A unique peer education programme at Girlguiding is a fantastic example of just what can be achieved when working with a limited budget, with a well planned blended approach to learning and development.
Peer educators are young members of Girlguiding, aged between 14 and 25, who run informative sessions on subjects that are important to young women today. They cover topics like body confidence, wellbeing and gender stereotypes during face to face sessions for Brownies, Guides and Rangers. New peer educators are often inspired by attending sessions themselves.
Naomi Hurrell, Peer Education Manager at Girlguiding, wanted to build on the success of the programme, so she started by pulling together a ‘task and finish’ group. Together with Mhairi Mackay, Lead Volunteer for Youth Programmes at Girlguiding, they recruited existing stakeholders and volunteers, as well as young people that had no idea about peer education, to create a diverse working group. Over three weekends, they designed a blended learning approach.
“It really was co-designed with our young people, so they were creating it with us, using their experience,” explains Mhairi.
The starting point for anyone interested in finding out more about becoming a peer educator is now a piece of interactive eLearning which they’ve created, which sits on the Girlguiding website.
“We know that young people want to engage online first,” says Naomi. “They actually feel much more comfortable coming to websites and going online rather than going to talk to an adult.”
The next step is a face to face skills training day, which Naomi describes as “peer ed 101.” It covers the nuts and bolts of peer education, and includes essential topics like facilitation and communication. Girlguiding’s organisational safeguarding – called A Safe Space – is also in the journey and is a vital part of the learning.
“Our young members really value embedding these skills and having time to practice and learn from each other in a safe space,” explains Mhairi.
The entire programme includes a blend of face to face sessions, informal chats and eLearning, as well as a piece of video learning they have created themselves.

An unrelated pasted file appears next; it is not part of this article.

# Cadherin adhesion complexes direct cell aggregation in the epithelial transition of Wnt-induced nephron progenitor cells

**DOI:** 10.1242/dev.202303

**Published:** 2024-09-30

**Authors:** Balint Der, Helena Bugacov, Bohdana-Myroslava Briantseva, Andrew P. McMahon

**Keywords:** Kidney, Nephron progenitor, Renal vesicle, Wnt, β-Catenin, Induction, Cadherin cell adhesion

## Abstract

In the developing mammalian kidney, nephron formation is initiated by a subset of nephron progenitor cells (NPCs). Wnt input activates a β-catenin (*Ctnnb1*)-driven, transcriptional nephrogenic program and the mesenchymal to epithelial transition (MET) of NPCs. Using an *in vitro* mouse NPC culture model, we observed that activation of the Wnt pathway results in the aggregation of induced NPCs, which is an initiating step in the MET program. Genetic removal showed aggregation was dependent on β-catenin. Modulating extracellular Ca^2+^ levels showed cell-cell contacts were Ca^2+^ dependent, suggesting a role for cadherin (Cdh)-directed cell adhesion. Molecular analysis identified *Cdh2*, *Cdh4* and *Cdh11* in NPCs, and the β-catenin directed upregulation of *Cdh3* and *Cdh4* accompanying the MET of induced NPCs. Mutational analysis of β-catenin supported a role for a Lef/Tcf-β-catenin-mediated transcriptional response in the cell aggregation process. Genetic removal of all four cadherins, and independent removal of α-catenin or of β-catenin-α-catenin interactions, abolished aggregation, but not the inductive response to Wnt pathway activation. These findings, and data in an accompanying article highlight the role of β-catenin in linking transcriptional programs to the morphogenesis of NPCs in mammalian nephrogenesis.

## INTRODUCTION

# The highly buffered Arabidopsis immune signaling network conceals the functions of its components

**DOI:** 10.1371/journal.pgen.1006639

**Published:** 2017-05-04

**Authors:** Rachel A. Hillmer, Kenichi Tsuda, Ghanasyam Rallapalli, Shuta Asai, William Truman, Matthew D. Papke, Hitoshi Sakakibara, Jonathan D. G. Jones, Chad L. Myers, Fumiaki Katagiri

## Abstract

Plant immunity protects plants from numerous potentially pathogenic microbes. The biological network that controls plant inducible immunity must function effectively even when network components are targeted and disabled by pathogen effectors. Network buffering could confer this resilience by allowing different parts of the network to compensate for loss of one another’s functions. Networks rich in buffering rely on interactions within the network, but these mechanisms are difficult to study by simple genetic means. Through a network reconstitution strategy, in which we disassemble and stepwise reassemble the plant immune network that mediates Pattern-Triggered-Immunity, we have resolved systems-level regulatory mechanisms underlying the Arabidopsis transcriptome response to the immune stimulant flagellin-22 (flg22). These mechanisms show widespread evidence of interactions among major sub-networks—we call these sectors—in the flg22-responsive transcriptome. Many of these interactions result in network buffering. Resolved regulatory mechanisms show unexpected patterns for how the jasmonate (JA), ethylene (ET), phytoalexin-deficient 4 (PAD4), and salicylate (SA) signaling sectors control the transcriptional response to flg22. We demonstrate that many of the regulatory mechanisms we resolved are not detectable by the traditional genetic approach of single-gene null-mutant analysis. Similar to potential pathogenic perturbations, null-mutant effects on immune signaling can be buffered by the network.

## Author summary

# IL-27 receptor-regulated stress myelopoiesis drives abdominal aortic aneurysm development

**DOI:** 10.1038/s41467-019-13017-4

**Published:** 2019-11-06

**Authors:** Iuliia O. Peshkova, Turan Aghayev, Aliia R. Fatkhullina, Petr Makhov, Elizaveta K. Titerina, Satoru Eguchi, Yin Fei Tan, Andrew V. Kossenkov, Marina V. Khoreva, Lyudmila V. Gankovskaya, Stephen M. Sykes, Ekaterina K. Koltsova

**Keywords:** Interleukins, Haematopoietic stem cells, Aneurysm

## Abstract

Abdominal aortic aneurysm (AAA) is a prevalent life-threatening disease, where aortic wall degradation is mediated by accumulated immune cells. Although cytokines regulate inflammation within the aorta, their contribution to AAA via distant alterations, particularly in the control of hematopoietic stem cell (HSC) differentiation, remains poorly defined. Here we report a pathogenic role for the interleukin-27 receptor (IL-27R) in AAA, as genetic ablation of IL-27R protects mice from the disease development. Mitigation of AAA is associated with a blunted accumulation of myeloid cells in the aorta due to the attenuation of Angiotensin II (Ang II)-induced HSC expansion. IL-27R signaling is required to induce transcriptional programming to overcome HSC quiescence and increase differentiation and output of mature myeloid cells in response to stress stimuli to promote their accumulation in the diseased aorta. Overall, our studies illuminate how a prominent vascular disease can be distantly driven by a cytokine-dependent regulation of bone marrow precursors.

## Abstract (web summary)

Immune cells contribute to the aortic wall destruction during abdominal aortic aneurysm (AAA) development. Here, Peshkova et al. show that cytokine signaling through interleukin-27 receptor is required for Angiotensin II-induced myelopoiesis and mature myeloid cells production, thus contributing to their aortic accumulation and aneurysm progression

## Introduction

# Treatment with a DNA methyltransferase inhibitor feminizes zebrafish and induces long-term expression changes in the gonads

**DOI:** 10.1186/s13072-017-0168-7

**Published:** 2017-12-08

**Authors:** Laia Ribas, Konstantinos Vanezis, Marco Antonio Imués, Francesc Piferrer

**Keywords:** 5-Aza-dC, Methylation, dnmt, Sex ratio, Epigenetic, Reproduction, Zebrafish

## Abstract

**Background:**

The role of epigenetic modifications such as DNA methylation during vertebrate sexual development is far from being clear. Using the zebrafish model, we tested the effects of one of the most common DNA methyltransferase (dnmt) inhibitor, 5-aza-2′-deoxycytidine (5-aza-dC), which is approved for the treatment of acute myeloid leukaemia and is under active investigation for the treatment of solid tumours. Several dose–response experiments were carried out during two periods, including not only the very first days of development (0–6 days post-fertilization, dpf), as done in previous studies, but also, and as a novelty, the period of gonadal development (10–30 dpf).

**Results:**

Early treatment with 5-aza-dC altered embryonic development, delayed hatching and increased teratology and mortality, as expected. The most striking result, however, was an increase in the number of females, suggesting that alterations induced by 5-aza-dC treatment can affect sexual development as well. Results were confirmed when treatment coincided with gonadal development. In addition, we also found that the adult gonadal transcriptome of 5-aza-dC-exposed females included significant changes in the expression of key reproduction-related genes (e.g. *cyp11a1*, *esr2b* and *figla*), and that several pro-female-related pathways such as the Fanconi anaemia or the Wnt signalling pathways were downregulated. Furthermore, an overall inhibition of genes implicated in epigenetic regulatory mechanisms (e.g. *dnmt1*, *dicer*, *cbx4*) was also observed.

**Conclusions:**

“The video is a great way of presenting information in a fun way that isn’t sitting down face to face and being lectured,” enthuses Naomi.
Feedback from trainers has been fantastic. The trainers feel comfortable delivering a really robust blended learning programme, and young volunteers also feel prepared and ready to deliver peer education sessions.
“We’ve seen a real passion and enthusiasm from our volunteers and a real willingness to put into practice what they’ve learned at the training,” says Mhairi.
More peer educators than ever before are volunteering and being retained, as they’ve become passionate and committed to what they’re doing.
Naomi thinks that one of the secrets to the success of the programme is the fact that volunteers know exactly what they’re signing up for.
“If you give people a chance to know what they’re getting into, before committing to any big training course, that’s really important for their investment and buy-in and is really powerful,” she says.
Mhairi sees the fact that volunteers can keep returning to resources, to refresh their confidence and skills, as another vital ingredient to success.
Together they have created a fantastic blended programme with a global reach, with some key lessons that organisations of all types can learn.
You can find out more about previous LNTV spotlight interviews, with Tom Boyesen-Corballis from the Prince’s Trust and Paul Hodgkinson from saha, the Salvation Army Housing Association, on our website here.
About Mhairi Mackay and Naomi Hurrell
Mhairi Mackay and Naomi Hurrell were recently interviewed by Michelle Parry-Slater for a spotlight on charities on LNTV, a channel dedicated to learning and development. Michelle is the L&D Director at Kairos Modern Learning and is also the Lead Volunteer for L&D at Girlguiding.